The Arctic

    • Location
      • Lies within the Arctic circle - 66.5 degree line of latitude.
      • Consists of the northern parts of 8 countries:
        • Canada
        • Greenland
        • Russia
        • USA (Alaska)
        • Iceland
        • Norway
        • Sweden
        • Finland
      • The area where averages temperatures of the warmest month are below 10C
      • Consists of ice sheet surrounding North Pole
    • Environmental Impacts
      • Positive Ice Albedo Feedback
        • 14% loss of Arctic ice between 2004 and 2005
        • Ice reflects sunlight but ice is melting
          • Less sunlight is reflected back so waters absorb more heat, increasing sea temperatures
            • Warmer temperatures cause further ice melt
      • Arctic Conveyor
        • The flow of warm water and cold water that circulates around the world’s oceans
        • In the North Atlantic, the sea water is very cold and saline, making it dense, so it sinks.
          • This draws warmer waters in, drawing in water from the Tropics, across the ocean surface.
            • This draws colder waters up to be warmed again.
      • River Flow
        • The increase in river flow is caused by warmer surface air temperatures.
        • Rivers and lakes may drain as land underneath them thaws out whilst rising rivers could create new wetlands.
        • Could shut off Atlantic drift and cool the whole of Northern Europe.
      • Permafrost
        • Areas of rock and soil where temperatures have been below freezing point for two years.
        • Up to 40% of permafrost is expected to thaw, releasing large quantities of methane.
      • Polar Oceans - Carbon Sink
        • Cold dense waters around Antarctica absorb CO2, slowing global warming
          • Carbon sinks have stayed the same since 1981 but emissions have increased by 40%.
            • More CO2
    • Ecological Impacts
      • Tree Line
        • Vegetation zones set to shift north with coniferous forests encroaching on tundra and ice deserts.
          • Destabilise food webs
          • Benefit Arctic agriculture
      • Spruce Beetle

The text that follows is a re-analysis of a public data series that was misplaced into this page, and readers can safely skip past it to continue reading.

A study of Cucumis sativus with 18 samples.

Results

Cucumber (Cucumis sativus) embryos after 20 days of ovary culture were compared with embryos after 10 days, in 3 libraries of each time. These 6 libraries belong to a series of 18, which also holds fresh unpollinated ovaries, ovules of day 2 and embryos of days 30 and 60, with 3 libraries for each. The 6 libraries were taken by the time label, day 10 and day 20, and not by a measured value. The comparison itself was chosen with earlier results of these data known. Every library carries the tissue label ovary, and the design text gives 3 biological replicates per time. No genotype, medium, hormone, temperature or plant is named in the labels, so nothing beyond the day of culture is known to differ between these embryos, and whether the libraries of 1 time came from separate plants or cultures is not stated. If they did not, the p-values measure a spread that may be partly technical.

• Nearly 4 million acres of mature spruce forest on the Kenai Peninsula killed by growing population of spruce bark beetles.
        • Higher temperatures causes faster maturing of beetles.
      • Boreal Forest Fire (carbon sink)
        • Increase in fires in Arctic Russia.
        • 10 million hectares burn each year, losing 0.85 of world's coniferous forest.
        • Account for 37% of world's carbon pool on land.
      • Tundra Ecosystems
        • Affected by increase in forest vegetation instead of Arctic vegetation.
          • Alien species may invade.
        • Increase in fires and insects impacts valuable habitats rich in lichen, fungi and birds.
      • Arctic Food Chain
        • Warmer waters
          • Reduced quantity of marine plants (small fish food).
            • Affects animals further up the food chain.
              • Seals
              • Polar bears
          • River patterns affect freshwater fish (Arctic Char, lake trout).
      • Polar Bears
        • Changes in river patterns affects fresh water fish:
          • Arctic Char
          • Lake trout
    • Socio-Economic Impacts
      • Destruction of VIllages
        • Coasts exposed to ocean waves and storms - people forced to move inland.
        • 24 Inuit
          • 24 villages threatened by flooding in Alaska.
      • Loss if Income
        • Marine stocks decline.
        • 80% of Inuits hunt caribou, fish and marine mammals - rely on hunting for income.
        • Fishing areas becoming more dangerous.
      • Nutrition and Diet
        • Caribou and marine animals provide vital nutrition for Inuits.
          • High protein needed for cold.
          • Imports are expensive.
    • Benefits?
      • Energy Reserves
        • Russian Flag
          • Marine access to some Arctic resources, including offshore oil and gas, enhanced by reduction of sea ice.
      • Fishing
        • Some major Arctic marine fisheries to become more productive as climate warms.
          • Cod and herring
      • Tourism
        • Shipping through key marine routes likely to increase . Summer navigation set to lengthen.
          • Northern Sea Route and Northern Pa.ssage
        • 30% of Inuit income from tourism in Canada.